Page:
How is self-portraiture used to explore, liberate and redefine identities encompassed by contemporary intersectional feminism?
This research paper asks: what is the case for non-white, non-cis—gendered, non-heterosexual, lower-class members of global society? Moreover, how is self-portraiture used in order to explore, and liberate these forms of intersectionality, so as to redefine identities encompassed by contemporary intersectional feminism? This research paper directly recognises that white, cis-gendered women existing within Western society have been appreciated and provided a platform for visibility throughout feminist discourse.
Using an intersectional feminist framework, the neglect of intersectionality throughout feminist history is observed throughout the paper. It questions how embodiment of intersectionality in the visual – and for an audience – starts new conversations about deep-rooted, internalised prejudice. Similarly, the paper dissects how self-portraiture can act as a mode of exploration and liberation of intersectionality in order for reclamation of identity and prejudicial experience. Artists such as Zanele Muholi and Yasumasa Morimura are used as examples of self-portraitists actively extending and redefining intersectional feminist dialogue to encompass racial, sexual, gender, and class intersectionalities.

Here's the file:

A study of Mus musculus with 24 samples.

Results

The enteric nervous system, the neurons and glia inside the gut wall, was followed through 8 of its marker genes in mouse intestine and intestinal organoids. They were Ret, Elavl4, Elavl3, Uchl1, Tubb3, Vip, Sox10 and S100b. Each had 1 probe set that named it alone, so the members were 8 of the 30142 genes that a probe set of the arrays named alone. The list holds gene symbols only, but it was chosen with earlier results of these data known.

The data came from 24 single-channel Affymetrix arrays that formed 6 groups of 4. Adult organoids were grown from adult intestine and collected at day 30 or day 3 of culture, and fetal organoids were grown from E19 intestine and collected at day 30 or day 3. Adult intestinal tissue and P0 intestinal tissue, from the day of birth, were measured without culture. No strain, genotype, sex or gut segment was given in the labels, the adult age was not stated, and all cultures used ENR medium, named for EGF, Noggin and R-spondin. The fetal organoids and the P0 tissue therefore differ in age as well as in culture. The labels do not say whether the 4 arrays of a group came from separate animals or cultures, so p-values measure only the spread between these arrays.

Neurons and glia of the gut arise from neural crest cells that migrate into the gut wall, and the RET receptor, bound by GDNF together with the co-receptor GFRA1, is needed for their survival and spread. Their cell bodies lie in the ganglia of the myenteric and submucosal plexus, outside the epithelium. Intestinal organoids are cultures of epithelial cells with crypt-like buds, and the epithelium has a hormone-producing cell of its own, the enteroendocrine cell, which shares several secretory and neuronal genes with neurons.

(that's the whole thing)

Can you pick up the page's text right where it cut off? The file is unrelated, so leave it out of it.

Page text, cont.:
The paper then suitably critiques contemporary use of personal self-portraiture outside of accredited arts practitioners. The selfie as a self-explorative, self-liberating tool is then questioned using a neoliberal feminist framework. Whilst the research paper acknowledges that contemporary self-portraiture can serve a greater sense of self to its author (Zhang 2017), it critically reflects on the globalised contemporary context in which the selfie sits. Furthermore, the paper examines how the selfies contemporary context can hinder productivity for intersectional feminism. It is through these analyses that the paper is able to determine the many complexities surrounding self-portraiture as a self-searching and self-emancipating tool.